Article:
Producer Jeff Strain gives an update on this upcoming hack-and-slash online game.
Computer role-playing games started off as single-player adventures that let you gain a certain amount of experience points, or even levels, after you killed enough skeletons and goblins. They've changed. These days, many role-playing games have gone online, featuring cooperative or competitive play in persistent online worlds that remain as you left them on your last adventure (rather than resetting all the way back to the beginning). ArenaNet's upcoming game Guild Wars will take the hacking and slashing of a fast-paced role-playing game and actually let you pit your character's skills against those of other players. The game was recently made openly playable with the "E3 for Everyone" public test, which let just about anyone download and play the game during the Electronic Entertainment Expo in May. We now have a full post-E3 update on the game from ArenaNet cofounder and Guild Wars producer Jeff Strain.
GameSpot: "E3 for everyone" is finally over. How did the online event work out in terms of gameplay? Did you see many players exploiting loopholes or trying to create the single most powerful kind of character? How is the team going to use the information it gathered from the event to avoid these kinds of issues in the final game?
Jeff Strain: The event gave us an opportunity to see how many of our design directions actually worked with thousands of players online simultaneously. The core gameplay mechanics in Guild Wars differ substantially from traditional massively multiplayer games, and while our ongoing alpha test continues to generate valuable feedback, opening the doors to thousands of demanding gamers was a great way to discover the mechanics that really worked.
Guild Wars is designed to be a game of player skill rather than a game that rewards you strictly based on the amount of time you have played. Creating a game of true skill that also supports persistent characters is challenging, because you want your character to grow and progress over time, but that progression cannot result in "uber" characters that will inevitably defeat lower-level characters. In Guild Wars, your character grows over time by learning new skills and finding loot, which gives you more tactical diversity. In other words, you are gaining options, not power. During "E3 for Everyone," we were pleased to see that the teams that were successful in tournaments and combat arenas were those that organized themselves and developed custom strategies around its items and skills. Players who logged 48 hours trying to find every item in the game had fun, but they were less successful in player-versus-player (PvP) battles than those who spent their time learning to think and act strategically, which is exactly what we wanted to see!
We did see players trying to find the ultimate character class, and we encouraged them to do so. One of the hallmarks of a well-designed game is strategies emerge over time that were not foreseen by the designers, and this helps keep the game fresh and exciting. Of course, that's only a benefit if a counter-strategy does not emerge quickly. In other words, we want to avoid the possibility of having a "best" character or strategy, and therefore, we take skill and profession balance very seriously. The skill system in Guild Wars is built on formal mechanics designed by some of the most experienced designers in the industry, but there is just no substitute for playing the heck out of a game before release to ensure good balance.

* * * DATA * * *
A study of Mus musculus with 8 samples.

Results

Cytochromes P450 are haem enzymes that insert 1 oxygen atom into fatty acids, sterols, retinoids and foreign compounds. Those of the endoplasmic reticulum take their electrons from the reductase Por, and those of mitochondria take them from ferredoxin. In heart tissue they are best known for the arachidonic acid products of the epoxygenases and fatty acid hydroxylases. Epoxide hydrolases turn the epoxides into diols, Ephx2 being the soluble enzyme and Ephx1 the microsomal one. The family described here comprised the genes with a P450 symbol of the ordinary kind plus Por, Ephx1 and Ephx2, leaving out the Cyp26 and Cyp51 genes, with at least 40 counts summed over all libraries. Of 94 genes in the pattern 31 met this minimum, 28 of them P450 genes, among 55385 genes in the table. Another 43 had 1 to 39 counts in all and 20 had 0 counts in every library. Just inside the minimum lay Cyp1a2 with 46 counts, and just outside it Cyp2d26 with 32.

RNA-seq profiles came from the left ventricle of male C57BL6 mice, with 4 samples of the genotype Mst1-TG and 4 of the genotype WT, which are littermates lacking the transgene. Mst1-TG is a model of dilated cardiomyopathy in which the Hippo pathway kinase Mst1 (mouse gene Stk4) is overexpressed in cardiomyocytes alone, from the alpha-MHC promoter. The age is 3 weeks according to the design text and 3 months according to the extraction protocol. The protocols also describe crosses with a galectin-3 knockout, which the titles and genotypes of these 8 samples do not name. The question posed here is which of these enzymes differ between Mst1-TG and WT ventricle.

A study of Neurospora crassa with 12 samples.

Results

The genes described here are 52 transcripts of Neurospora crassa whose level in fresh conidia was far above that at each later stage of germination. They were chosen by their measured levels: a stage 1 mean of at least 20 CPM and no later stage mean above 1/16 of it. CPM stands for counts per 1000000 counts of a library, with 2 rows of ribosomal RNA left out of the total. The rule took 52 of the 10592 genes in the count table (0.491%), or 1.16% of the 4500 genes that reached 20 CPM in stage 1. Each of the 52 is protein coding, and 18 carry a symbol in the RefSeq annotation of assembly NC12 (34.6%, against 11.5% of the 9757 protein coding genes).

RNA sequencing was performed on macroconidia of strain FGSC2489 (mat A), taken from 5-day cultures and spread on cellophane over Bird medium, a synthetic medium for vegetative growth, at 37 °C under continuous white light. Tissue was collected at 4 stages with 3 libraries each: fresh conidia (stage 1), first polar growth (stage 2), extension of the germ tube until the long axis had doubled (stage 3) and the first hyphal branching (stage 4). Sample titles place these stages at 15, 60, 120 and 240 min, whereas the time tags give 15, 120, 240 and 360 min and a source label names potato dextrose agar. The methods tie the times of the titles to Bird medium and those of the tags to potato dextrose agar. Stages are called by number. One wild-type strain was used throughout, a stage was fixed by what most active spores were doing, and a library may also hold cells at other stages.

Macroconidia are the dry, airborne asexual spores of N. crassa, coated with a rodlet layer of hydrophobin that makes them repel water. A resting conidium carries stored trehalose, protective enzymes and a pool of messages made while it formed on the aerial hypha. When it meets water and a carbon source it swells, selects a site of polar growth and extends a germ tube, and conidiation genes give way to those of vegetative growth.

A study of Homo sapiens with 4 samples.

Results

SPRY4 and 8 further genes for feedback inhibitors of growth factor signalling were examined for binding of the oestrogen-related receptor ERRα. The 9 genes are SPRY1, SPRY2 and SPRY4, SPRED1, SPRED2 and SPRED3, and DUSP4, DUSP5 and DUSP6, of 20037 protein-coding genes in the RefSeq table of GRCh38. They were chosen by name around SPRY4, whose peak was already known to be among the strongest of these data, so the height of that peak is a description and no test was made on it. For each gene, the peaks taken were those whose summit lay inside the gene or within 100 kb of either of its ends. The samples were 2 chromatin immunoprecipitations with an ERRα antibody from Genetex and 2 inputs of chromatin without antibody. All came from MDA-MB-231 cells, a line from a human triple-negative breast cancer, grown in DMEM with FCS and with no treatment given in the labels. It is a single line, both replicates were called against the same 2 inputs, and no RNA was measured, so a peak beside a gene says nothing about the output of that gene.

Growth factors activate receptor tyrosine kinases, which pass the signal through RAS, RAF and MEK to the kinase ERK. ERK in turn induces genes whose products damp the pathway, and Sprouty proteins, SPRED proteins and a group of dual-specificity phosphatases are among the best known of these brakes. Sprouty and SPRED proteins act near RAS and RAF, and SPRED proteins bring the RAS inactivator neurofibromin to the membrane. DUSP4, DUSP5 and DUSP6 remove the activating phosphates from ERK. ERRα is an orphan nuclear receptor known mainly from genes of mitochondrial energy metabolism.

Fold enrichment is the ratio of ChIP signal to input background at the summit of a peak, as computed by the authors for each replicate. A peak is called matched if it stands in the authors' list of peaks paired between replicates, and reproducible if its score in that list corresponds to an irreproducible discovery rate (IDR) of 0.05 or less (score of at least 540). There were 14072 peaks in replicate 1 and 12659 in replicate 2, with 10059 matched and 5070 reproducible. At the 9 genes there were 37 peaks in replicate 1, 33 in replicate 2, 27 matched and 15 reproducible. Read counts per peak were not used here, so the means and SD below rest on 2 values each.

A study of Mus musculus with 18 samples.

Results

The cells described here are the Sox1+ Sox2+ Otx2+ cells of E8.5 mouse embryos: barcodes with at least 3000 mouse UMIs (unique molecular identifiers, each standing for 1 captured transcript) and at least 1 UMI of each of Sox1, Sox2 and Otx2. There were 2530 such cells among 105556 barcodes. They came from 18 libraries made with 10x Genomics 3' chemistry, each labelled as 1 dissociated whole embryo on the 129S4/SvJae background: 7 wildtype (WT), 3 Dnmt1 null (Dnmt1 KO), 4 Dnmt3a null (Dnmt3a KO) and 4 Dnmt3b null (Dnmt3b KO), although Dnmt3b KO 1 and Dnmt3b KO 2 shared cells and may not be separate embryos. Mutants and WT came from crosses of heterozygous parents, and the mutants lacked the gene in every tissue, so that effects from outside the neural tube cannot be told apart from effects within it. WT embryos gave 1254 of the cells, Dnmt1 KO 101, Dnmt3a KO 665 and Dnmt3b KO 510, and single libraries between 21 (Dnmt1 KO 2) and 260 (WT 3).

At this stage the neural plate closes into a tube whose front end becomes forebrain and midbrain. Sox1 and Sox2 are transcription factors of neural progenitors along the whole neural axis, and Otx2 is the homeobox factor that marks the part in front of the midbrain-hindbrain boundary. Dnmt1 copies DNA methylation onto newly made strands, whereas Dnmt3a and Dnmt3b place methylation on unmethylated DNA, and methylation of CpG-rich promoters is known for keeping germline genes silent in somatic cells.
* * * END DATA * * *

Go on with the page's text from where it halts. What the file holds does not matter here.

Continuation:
GS: And how did the play test work out technically? What lessons did the team take from the test in terms of stability, server load balancing, and lag to make sure that the game runs smoothly at launch?
JS: The event worked out very well technically. Guild Wars is still at an alpha stage of development, but our programming team has a tremendous amount of experience building global game networks, so server load balancing and stability issues were minimal. Many of the unique technologies we created to minimize instability and server downtime were put to good use. For example, if an instance of a mission crashes, the ArenaNet server manager will terminate only that game, but players in other missions on that server will not be affected. Our servers are also capable of running multiple versions of the game simultaneously, so we can quickly fix a bug or exploit and patch the server without rebooting or even terminating games that are currently in progress. We did have a database server hardware failure one evening, but otherwise the hiccups were minor and affected very few players.
We were both pleased and surprised to see a large number of Asian and European players participating in the event, even though we had not focused on raising awareness of the event in those countries. The international response to Guild Wars was very favorable, and we plan to provide the technical infrastructure to fully support players around the world.